Amidst a Pandemic, Consumers Adapt by Adopting Touch-free Payments and Shopping
The use cases for contactless payments have been there all along, but the Covid-19 pandemic is turning out to be a major motivator in adoption of the touch-averse technology.
Evidence comes in a roundup of data from the U.S. Payments Forum, a Princeton Junction, N.J.-based payments association. In its latest market snapshot, the Forum details that Visa Inc. reported U.S. contactless use has increased 150% since March 2019. Mastercard Inc. said global contactless use already was up 40% in the first quarter, prior to the lockdowns starting in March in the United States.
“The COVID-19 pandemic has brought immense change to the payments industry, shown in how effectively merchants have responded to calls for cleaner payments and reduced touchpoints across brick and mortar stores,” Randy Vanderhoof, director of the U.S. Payments Forum, said in a statement. “Industry leaders are dedicated to addressing these necessary changes and are still meeting virtually to remain connected in these times. Merchants and issuers are working to offer as many options as possible for consumers.”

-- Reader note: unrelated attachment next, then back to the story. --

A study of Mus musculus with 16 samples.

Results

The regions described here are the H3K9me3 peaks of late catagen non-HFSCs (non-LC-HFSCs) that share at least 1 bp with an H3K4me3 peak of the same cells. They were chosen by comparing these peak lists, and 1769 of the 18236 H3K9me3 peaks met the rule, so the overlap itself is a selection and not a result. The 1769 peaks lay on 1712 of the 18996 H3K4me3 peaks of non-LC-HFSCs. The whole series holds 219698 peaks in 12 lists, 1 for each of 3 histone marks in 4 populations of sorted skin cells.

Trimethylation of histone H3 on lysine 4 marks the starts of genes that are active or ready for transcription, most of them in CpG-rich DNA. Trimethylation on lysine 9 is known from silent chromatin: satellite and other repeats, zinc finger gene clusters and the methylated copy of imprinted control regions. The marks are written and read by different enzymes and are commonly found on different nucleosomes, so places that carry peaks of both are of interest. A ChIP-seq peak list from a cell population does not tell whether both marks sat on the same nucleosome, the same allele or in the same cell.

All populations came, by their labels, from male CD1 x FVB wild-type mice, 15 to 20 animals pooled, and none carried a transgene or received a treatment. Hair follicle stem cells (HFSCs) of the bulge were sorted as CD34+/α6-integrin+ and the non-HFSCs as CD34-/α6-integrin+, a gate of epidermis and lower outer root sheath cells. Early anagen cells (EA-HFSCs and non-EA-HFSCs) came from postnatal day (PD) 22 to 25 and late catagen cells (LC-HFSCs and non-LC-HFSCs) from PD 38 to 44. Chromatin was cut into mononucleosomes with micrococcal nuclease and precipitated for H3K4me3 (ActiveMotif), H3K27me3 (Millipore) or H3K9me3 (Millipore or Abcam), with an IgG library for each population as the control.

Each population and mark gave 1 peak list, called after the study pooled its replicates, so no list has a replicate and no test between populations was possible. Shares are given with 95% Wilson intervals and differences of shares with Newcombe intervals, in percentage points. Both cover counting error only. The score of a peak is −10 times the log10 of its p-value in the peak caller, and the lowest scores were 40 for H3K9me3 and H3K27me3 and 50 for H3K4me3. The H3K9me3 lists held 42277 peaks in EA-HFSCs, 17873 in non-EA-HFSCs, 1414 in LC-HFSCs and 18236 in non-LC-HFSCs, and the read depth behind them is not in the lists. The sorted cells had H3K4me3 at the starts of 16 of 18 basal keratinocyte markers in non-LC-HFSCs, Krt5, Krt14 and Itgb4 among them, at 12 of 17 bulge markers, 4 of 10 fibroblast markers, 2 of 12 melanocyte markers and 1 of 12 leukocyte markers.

Other data gathered by the Forum found that consumers readily adapted to the lockdown. Adobe Analytics recently found that buy-online-pickup-in-store shopping increased 208% between April 1 and April 20, compared to the same period a year ago.
In related news, the Forum said presenters at one of its recent meetings noted the pandemic had both a positive and negative effect on the EMV liability shift for fuel pumps. “Some fuel-pump operators have seen the slowdown in demand as an opportunity to move forward with installations and certifications without disrupting business hours,” the Forum’s Wednesday release said. The card brands moved the liability shift implementation to April 2021, instead of October.